1. #1

    Um, no explanation needed for this one. Fire at will!

    On the flavour front I'll proffer -

    - courgettes w/lemon (from inspiration on another thread);
    - rice w/ sumac and butter;
    - obvious, but chili with chocolate and cherry;
    - Roquefort (or Dolcelatte/Gorgonzola/Saint Agur etc) and Parmesan and spinach (on gnocchi);
    - parsley/anchovy/garlic/olive oil/balsamic (w/old bread for pesto)

    Will post others this afternoon as and when they pop into my hungry head...


    Fresh coriander, in addition to dried basil and oregano, in a tomato sauce for pasta or pizza.

    Sprinkle a little tabasco on some nice ripe, squidgy plantain before frying it.

    Halloumi given a thin smear of honey before it hits the pan is great.

    Wholegrain mustard blended into mashed potato.

    Salmon fillets pan-fried along with garlic, onions and thin slices of big flat mushrooms, then to make the sauce you add some cream, white wine and a splash of lemon juice, reduce for a few minutes then finish with a sprinkle of sea salt and some chopped flat parsely.
    Last edited by Mr. Tea; 19-01-2009 at 03:26 PM.

    Coriander/tomato wise - also try adding coriander seeds, along with sugar/salt/sweated onion/Italian or Arabic tomato paste/hiint of chili to a tomato sauce, possibly with a hint of pomegranate molasses for interest. Works surprisingly well.

    Actually, replace salt with this amazing Bolognese (?) salt/garlic/dried herbs thing I can't remember the name of. Salamoia. That's it.

    Mmm, love plantain. Any kind of chili is great with it!

    Will try the halloumi one - was looking for something to add more panache to the generic fried version.

    Ah, mash - the food of the Gods. I love it with good butter, milk, soured cream, and (learned this in Belgium) grated nutmeg. Enough milk so that it makes a divine puree. Salt and pepper to taste.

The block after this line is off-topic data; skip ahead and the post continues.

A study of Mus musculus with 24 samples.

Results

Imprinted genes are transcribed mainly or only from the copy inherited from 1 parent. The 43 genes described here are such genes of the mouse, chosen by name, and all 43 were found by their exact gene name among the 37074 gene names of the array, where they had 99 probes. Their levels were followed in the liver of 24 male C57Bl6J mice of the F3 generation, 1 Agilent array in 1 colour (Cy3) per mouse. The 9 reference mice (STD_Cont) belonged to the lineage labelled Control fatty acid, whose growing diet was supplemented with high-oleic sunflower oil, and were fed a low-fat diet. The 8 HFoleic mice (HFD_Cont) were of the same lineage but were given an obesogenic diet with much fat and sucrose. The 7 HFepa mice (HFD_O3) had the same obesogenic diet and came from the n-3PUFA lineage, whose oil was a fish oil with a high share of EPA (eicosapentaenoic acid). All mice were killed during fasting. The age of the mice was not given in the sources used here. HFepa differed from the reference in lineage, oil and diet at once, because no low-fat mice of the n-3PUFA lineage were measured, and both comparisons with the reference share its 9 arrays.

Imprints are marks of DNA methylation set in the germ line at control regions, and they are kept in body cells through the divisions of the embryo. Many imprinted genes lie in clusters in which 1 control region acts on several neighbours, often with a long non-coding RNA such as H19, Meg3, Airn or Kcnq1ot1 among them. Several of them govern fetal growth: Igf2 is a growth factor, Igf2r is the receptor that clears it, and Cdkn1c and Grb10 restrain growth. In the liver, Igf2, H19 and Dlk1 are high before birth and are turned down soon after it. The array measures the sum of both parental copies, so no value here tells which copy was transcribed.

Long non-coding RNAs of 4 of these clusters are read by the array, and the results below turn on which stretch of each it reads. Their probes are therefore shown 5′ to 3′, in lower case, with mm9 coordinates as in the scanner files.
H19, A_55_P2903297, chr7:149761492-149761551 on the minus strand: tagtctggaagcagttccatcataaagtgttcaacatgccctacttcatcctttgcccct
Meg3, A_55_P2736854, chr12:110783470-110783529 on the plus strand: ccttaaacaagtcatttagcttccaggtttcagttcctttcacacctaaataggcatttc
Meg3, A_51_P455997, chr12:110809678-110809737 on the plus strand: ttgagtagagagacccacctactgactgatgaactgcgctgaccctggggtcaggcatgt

Great thread, I've sort of wanted to start a cooking thread for ages but couldn't really think of anything to say beyond "Isn't cooking great?!?". Nice idea to exchange tips and combos rather than whole recipes. Pomegranite molasses sounds amazing.

    yeah, I always found general methods/tips and flavour combos much mroe useful to begin to understand food (which I don't very well).

    I don't know where you live, but any Arabic store in London should stock the molasses. Sometimes under the name of grenadine as well.



  9. #9

    Oh,a nd if anyone has tips for what to do with black pudding. I've just been frying it with....pomegranate molasses.
    There's a restaraunt in Didsbury that does veggie black puddings on brioche with sun dried tomatoes and melted cheese. Mmm.


    pumpkin with cumin and coriader seeds and dried chilli

    belly pork, chorizo, smoked paprika and green lentils/chickpeas/butter beans

    Black pudding wise Nigel Slater crumbles some into mashed sweet potato. I like hot butties with it in, maybe bit of mustard and salad. Or cubed big and chucked into a salad with panchetta, fried potato slices and some robust leaves?

    Ah, mash - the food of the Gods. I love it with good butter, milk, soured cream, and (learned this in Belgium) grated nutmeg. Enough milk so that it makes a divine puree. Salt and pepper to taste.
    Does this not end up like wallpaper paste? I like really rough mash with skins in and not much milk. I do also like smooth mash though.

    There's a restaraunt in Didsbury that does veggie black puddings on brioche with sun dried tomatoes and melted cheese. Mmm.
    Do you remember what kind of cheese? Sounds good.

    More I've thought of:

    Strawberries and black pepper/balsamic;
    Pork and tarragon and soured cream and cider;
    (not tried this) duck and olives and fruit;
    minced lamb and coriander/cumin/cardamom/soy sauce;
    fish and tamarind and palm sugar;
    fuck it...pomegranate molasses again, this time w/ minced lamb, tomato and coriander seeds to make lahmacun/Turkish pizza;
    manchego cheese and quince paste (ok, so that's just a tapa!)

    Does this not end up like wallpaper paste? I like really rough mash with skins in and not much milk. I do also like smooth mash though.
    Not at all...ends up like the puree you get in posh restaurants, but much better tasting


    after washing lay it on a dinner plate (preferably one with a lip)

    rub salt and olive oil over the fish.

    julienne ( thin strips) ginger, finely chop spring onions and lay on top.

    pour a glug of the finest soya sauce over the fish and also 1 dinner spoon of
    rice wine vinegar.

    decorate your favourite vegetables around the fish. this is optional!

    fill a wok with 2 inches of water and bring to a simmer.
    place a tea cup in the middle of wok and balance the plated fish in the middle.
    close the lid and steam 8 10 minutes. this will cook a medium to large fish.

    take the entire plate to the center of your dinner table to eat with steamed rice

    an ideal plate to share with someone.